The history of the Miraculous Infant Jesus of Prague dates back more than four hundred years.

A statue of The Holy Infant in the guise of a king was brought to Prague, Czechoslovakia, as a precious souvenir of her native country, Spain, by Maria Manriquez de Lara, who in 1556, married Vratislav Pernstyn, a Czech nobleman. According to an old legend, the statue was modeled by a pious friar, to whom its likeness had been revealed in a vision to him by The Holy Infant. The statue is eighteen inches tall and crafted of wax-coated wood. The left hand holds a miniature globe, surmounted by a cross, signifying the world-wide kingship of the Christ Child. The right hand is extended in blessing. The first two fingers are upraised to symbolize the two natures of Christ.

The statue of the Holy Infant later became the property of Maria’s daughter Polyxena. Polyxena was married to Duke Wilhelm de Rosenberg, First Lord of the Kingdom, Great Bourgrave of Prague and Knight of the Golden Fleece. After his death, Polyxena married a second time to Baron Zdenek Vojtech Popel de Lobkowitz, Great Chancellor of the Kingdom, Knight of the Golden Fleece, and Prince of the Holy Empire. In 1629, Polyxena resolved to make the statue of the Holy Infant available to all believers, and, consequently dedicated it to the Carmelite Monastery and the adjoining Church of Our Lady of Victories in Prague. She is said to have stated, “I bring you my dearest possession. Honor the Infant Jesus and you shall never want.” The friars soon acquired a devotion to The Infant Jesus and had recourse to Him in their needs. Many blessings, both material and spiritual, came to the monastery and the friars.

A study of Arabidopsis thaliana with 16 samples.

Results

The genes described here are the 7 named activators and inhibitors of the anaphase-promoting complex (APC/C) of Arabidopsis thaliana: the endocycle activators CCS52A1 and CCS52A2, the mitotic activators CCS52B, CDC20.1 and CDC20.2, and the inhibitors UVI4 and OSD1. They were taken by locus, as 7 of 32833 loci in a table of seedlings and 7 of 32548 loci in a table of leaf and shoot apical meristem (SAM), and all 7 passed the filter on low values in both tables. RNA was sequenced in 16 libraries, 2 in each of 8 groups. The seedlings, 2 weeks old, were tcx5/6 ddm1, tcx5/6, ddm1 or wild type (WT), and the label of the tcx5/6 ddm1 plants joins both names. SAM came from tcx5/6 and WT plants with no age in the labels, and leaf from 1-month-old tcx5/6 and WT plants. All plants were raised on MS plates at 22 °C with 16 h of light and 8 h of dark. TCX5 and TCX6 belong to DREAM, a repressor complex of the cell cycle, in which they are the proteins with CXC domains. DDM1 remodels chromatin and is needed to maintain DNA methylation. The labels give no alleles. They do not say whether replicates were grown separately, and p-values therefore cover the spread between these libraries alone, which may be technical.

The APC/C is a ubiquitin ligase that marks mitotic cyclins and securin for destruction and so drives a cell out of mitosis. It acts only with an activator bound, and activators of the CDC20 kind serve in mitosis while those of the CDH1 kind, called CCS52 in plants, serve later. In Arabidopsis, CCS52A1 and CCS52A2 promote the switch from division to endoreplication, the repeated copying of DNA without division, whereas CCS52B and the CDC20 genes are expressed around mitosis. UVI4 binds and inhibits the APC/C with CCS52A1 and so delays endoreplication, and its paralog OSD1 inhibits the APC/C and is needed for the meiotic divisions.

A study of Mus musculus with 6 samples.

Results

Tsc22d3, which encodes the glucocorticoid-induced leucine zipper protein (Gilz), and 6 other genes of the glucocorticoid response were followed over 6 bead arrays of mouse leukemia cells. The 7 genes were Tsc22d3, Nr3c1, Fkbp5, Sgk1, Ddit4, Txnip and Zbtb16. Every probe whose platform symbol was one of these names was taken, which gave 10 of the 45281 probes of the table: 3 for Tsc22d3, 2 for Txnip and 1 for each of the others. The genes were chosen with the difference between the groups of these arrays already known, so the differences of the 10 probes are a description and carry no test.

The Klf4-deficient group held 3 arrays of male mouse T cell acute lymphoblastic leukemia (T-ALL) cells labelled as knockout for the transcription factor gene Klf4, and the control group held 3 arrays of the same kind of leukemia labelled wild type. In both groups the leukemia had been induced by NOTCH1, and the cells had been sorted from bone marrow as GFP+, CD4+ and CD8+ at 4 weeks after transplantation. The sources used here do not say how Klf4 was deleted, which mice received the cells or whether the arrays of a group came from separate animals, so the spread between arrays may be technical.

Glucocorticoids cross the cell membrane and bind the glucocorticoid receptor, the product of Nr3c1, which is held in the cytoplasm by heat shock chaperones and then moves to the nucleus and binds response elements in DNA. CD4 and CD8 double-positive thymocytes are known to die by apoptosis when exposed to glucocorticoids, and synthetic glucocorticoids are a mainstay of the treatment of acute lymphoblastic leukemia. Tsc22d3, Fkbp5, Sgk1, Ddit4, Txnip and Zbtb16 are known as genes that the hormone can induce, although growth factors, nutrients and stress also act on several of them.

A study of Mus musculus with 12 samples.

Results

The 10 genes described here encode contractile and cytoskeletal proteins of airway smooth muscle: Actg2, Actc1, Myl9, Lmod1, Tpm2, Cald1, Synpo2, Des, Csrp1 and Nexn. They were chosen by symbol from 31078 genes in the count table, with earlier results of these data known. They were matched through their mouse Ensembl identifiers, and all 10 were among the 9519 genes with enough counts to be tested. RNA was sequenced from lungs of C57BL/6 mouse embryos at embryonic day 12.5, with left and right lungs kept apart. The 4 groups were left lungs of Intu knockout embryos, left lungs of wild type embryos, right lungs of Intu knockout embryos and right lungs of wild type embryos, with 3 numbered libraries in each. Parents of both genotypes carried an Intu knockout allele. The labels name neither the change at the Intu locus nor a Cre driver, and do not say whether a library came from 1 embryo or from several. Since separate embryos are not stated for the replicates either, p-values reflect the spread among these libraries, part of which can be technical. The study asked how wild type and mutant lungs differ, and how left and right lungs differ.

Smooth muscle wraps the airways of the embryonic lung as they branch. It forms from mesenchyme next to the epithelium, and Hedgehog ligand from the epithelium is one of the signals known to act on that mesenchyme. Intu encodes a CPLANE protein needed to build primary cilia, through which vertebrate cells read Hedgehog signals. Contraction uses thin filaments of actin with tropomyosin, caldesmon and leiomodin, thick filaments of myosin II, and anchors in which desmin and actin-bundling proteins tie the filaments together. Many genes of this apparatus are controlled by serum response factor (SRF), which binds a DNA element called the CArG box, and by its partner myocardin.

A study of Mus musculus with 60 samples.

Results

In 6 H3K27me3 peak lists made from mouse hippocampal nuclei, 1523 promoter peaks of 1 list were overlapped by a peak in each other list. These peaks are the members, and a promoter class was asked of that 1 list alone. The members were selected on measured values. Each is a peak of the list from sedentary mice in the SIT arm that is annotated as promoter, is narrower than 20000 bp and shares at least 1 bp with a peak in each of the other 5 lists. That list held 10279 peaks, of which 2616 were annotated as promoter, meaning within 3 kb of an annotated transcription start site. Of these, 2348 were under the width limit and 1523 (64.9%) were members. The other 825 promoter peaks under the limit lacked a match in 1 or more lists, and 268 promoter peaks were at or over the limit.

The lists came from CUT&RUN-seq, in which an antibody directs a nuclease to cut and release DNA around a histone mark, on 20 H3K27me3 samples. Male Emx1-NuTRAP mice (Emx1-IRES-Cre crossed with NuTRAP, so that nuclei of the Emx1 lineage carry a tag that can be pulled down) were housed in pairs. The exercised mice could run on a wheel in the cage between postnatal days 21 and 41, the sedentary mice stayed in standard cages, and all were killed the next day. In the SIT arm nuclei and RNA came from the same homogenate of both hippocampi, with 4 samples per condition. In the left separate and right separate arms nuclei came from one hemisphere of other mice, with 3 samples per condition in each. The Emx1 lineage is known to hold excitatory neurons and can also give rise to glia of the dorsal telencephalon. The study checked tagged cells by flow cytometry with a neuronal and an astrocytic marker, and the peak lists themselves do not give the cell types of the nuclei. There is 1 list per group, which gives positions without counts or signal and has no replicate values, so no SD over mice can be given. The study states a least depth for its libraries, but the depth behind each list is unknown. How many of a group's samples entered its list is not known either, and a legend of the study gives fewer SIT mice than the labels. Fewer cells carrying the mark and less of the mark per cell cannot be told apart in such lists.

During this time, the Thirty Years War was in progress. Prague was under siege several times and finally was overcome and pillaged by the armies of Saxony in 1630. The Carmelites fled and the statue of The Holy Infant was thrown in a storage area behind the main altar of the Church of Our Lady of Victories by the mercenaries who occupied the monastery. Five years later, in 1635, after the Treaty of Prague, the Carmelites returned to Prague and to their monastery at Our Lady of Victories Church. The friars completely forgot about the statue of The Holy Infant and their devotion to The Holy Infant. In 1637, a Father Cyril, who had a great devotion to The Holy Infant, was sent back to the Carmelite Monastery in Prague (he had been one of those who fled in 1630). He found the statue behind the main altar. The hands of the statue had been broken off. It was at this time that the Infant is said to have appeared to Father Cyril and told him, “Have pity on Me, and I will have pity on you. Give Me My hands, and I will give you peace. The more you honor Me, the more I will bless you.” The last sentence has become the centerpiece of world-wide devotion to The Infant Jesus of Prague. Father Cyril, inspired by the Infant’s guidance, spent many futile attempts to raise the money for the repairs required for the statue of The Holy Infant. He eventually found benefactors who paid not only for the restoration of the statue, but for the construction of a chapel expressly intended for its veneration.

From that time to the present, devotion to The Divine Infant Jesus of Prague has continued and spread throughout the world.